Disney’s last multi-story effort before diving back into full-length animated features, The Adventures of Ichabod and Mr. Toad, covers the Legend of Sleepy Hollow and The Wind in the Willows, respectively.
The introduction borrows a page from Winnie the Pooh, the camera browsing through a collection of storybooks while the narrator sets the scene. But instead of talking about the importance of friendship, this narrator talks about the wealth of great characters in American folklore.
It’s a theme continued from the company’s release the previous year, and once again chooses a cheery style of animation to retell classic tales. Knowing that the following year’s release, 1950’s Cinderella, was in co-production with these stories, it’s no surprise that B-level artists and story-tellers were relegated to drawing Ichabod’s cumbersome nose and Mr. Toad’s spastic explorations of the human world.
The Wind in the Willows segment, though, continues a longer tradition of Disney re-using key stocks of animation in later features.
This scene, in which the deed to Toad Hall is up for grabs to both good guys and bad guys,
is the exact sequence that later appeared in 1967’s The Jungle Book during Mowgli’s rescue from King Louie (start at the 5:30 mark):
The most notable part of Disney’s return to animation artistry, though, is his refusal to include live actors in this production. Even the introduction is almost stop-motion in its drift through the library with its narrator wishing every audience member wistfully on their way through the story. The New York Times review at the time noted that “a supporting cast of ‘live’ players is refreshingly absent” from The Adventures of Ichabod and Mr. Toad, though rightfully criticizes the artistry for often being “stilted, awkward creations.”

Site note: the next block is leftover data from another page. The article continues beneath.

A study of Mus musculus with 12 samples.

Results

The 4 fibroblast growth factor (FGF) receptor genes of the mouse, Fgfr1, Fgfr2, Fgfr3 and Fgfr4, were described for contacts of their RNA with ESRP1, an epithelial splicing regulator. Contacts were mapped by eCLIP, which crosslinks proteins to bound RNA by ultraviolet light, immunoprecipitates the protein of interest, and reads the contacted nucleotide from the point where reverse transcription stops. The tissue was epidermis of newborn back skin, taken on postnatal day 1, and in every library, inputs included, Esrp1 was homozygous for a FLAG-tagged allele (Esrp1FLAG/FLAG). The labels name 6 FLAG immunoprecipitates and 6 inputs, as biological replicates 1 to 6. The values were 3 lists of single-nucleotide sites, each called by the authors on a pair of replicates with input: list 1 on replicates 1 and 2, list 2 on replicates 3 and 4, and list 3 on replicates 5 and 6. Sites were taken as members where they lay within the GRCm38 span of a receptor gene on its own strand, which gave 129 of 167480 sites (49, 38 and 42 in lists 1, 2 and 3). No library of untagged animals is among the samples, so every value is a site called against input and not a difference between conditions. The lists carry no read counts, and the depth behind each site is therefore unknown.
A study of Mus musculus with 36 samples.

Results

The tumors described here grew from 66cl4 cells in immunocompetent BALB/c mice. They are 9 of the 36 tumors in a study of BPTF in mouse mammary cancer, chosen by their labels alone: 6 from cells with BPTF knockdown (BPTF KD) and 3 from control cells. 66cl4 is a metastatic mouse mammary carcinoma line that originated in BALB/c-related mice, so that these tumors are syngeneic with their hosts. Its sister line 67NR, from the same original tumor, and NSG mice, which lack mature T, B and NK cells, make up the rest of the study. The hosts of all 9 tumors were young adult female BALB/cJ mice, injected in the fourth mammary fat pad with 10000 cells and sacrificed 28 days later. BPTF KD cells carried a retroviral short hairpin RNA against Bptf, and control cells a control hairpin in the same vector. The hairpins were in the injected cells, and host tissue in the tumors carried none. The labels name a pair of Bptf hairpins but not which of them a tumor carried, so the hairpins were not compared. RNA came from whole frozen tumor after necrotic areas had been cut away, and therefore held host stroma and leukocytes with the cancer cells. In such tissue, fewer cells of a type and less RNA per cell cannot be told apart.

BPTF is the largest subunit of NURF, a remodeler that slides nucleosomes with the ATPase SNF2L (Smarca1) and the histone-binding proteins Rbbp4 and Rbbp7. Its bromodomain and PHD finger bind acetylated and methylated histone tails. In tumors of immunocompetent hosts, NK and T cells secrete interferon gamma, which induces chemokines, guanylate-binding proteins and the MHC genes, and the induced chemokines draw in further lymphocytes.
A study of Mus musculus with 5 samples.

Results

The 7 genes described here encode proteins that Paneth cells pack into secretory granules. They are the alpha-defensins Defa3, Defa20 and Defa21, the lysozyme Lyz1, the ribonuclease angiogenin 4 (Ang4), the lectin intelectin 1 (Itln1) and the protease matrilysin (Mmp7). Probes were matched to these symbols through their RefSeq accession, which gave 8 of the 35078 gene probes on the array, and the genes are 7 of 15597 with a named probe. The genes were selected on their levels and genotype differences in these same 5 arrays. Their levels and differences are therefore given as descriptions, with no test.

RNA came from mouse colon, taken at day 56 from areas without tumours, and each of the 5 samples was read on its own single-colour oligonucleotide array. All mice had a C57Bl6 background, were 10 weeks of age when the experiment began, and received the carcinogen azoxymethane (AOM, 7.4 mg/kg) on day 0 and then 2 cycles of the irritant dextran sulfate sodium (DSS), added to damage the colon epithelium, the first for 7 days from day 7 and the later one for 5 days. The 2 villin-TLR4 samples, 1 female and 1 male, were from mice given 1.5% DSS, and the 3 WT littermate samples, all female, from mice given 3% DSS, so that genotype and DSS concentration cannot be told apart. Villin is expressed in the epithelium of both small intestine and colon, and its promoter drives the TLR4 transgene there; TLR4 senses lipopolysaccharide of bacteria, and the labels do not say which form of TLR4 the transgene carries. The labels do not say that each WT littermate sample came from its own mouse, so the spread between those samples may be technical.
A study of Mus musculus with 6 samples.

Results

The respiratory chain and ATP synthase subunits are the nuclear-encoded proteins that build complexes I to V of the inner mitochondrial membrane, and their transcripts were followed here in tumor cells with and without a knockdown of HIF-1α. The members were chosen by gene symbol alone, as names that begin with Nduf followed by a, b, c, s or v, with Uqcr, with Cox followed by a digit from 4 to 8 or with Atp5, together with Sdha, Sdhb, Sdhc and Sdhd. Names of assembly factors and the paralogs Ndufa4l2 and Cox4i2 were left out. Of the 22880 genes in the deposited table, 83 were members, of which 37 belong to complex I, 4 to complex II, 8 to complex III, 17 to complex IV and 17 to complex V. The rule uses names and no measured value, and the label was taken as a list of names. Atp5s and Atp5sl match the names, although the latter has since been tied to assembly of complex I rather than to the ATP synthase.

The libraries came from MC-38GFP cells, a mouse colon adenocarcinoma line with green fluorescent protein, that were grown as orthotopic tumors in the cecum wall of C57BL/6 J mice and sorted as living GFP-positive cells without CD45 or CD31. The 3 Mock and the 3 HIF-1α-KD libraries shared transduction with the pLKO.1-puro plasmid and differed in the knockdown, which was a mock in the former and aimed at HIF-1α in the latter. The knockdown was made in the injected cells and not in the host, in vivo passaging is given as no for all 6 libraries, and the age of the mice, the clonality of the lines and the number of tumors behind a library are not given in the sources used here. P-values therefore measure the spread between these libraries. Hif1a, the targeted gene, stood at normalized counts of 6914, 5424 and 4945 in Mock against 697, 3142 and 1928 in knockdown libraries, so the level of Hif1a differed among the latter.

Disney does nothing without purpose, though, and some of the characters in these films could even be considered prototypes of characters that would later be fully developed by the team working concurrently on Cinderella. Katrina bears a strong resemblance to Cinderella herself, and Cyril the Horse from Wind in the Willows is not unlike the horse who drives Cinderella to the ball. And while we’re drawing these comparisons, the Rat and Mole team in Wind in the Willows calls to mind Basil and Dr. Watson in The Great Mouse Detective.
Neither Danielle nor I have any real childhood attachment to this film, though both of us readily recognize the animation and chase sequences involving the legendary headless horseman (a decidedly less sinister embodiment of the legend than would later hit North American cinemas). But this is what Disney was doing in the 1940s: slowly rebuilding after the war, becoming profitable again, rebuilding the studio’s reputation as an art house and training a new generation of storytellers who would be able to carry the studio forward for another generation.
This is the last of the films from the 1940s and the next release, Cinderella, kicks off four decades of consistently high quality. The 1940s hurt almost everyone, but Disney managed to recover admirably.